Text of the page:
Bad news for one of the Giants’ top prospects, as Henry Schulman of the San Francisco Chronicle reports that outfielder Mac Williamson will undergo Tommy John surgery on his right elbow tomorrow.
Williamson has been bothered by the elbow injury all spring. The 23-year-old was originally expected to begin the season with Double-A Richmond, but the Giants sent him back to High-A San Jose so he could serve exclusively as a designated hitter. However, he couldn’t play through the discomfort any longer. Position players often return from Tommy John surgery more quickly than pitchers, but the surgery is expected to end his season.
Williamson was a third-round pick in 2012 and batted .292/.375/.504 with 25 home runs and 10 stolen bases over 136 games last season in High-A. Baseball America ranked him as the Giants’ No. 5 prospect over the winter.
The Braves have signed former football player and current outfielder Sanders Commings, an Augusta, Georgia native, to a minor league contract, Ken Rosenthal of FOX Sports reports.
Commings, 26, was a defensive back who played for the University of Georgia before being selected by the Chiefs in the fifth round of the 2013 draft. He appeared in two games in the 2013 season.
Commings also played baseball for Westside High School and was selected by the Diamondbacks in the 37th round of the 2008 draft. He chose to attend the University of Georgia instead. When football didn’t pan out, Commings started training with Jerry Hairston, Jr. Hairston said he was “blown away” when he saw Commings hit for the first time.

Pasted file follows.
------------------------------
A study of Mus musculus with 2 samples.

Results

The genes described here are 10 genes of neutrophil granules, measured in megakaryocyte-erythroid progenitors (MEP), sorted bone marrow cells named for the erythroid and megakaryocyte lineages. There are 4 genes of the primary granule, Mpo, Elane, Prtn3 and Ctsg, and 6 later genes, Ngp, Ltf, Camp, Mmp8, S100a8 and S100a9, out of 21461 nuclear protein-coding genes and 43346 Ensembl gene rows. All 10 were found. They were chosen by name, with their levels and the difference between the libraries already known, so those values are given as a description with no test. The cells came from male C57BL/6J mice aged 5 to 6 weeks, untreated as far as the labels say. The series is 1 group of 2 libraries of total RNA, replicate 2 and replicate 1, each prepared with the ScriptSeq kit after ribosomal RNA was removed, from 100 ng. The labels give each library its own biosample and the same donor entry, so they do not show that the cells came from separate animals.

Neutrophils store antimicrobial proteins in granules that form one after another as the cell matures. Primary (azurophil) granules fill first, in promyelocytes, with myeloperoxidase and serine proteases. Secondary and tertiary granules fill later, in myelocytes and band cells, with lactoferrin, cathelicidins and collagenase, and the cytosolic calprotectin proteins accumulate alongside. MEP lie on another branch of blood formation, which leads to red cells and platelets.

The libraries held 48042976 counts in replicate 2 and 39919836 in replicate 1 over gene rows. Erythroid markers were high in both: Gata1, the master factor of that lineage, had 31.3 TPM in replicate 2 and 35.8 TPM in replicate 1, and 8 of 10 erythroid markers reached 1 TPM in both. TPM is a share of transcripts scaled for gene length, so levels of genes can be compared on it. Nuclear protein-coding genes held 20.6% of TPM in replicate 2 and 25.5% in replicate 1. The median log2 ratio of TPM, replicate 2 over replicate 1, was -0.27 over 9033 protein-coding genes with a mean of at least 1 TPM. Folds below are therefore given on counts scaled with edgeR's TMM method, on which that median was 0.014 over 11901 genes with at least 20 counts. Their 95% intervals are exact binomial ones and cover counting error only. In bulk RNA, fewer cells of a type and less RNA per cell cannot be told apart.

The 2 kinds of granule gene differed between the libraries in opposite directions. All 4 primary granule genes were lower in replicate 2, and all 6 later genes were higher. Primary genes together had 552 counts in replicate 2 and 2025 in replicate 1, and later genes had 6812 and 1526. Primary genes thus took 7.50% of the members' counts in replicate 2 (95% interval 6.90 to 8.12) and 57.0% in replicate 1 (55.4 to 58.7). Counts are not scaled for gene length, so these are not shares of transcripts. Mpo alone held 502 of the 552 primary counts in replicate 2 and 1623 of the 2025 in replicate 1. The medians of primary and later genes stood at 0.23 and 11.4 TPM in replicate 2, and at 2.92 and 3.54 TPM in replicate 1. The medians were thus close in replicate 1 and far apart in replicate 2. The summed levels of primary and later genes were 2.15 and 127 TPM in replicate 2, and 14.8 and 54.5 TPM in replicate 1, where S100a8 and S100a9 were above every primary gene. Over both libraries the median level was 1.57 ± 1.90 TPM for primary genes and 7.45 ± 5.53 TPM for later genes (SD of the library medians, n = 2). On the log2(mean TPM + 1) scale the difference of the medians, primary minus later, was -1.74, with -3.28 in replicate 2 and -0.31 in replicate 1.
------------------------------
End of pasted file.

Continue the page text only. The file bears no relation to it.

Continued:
Obviously, Commings’ path to success as a professional baseball player will be long, but it’s a no-risk flier for the Braves. The club has past experience with football players, including Deion Sanders and Brian Jordan.
The next task for the Braves will be to acquire Ryan Goins from the Blue Jays. That way, players will look at the lineup card each day to see if it’s Commings or Goins.
On Thursday afternoon, Rays pitcher Chris Archer asked his Twitter followers, “Lots swirling around what needs to be changed about the game of baseball. What do y’all want to see changed, if anything, & why?”
Tigers ace Justin Verlander responded:
To that, Archer said:
For what it’s worth, Verlander hasn’t been much of a hitter. In 47 career plate appearances, he has three singles and no extra-base hits. And if the AL did get rid of the DH rule, the Tigers would have nowhere to put Victor Martinez. Verlander, though, would have an easier time pitching to opposing pitchers rather than their DH’s.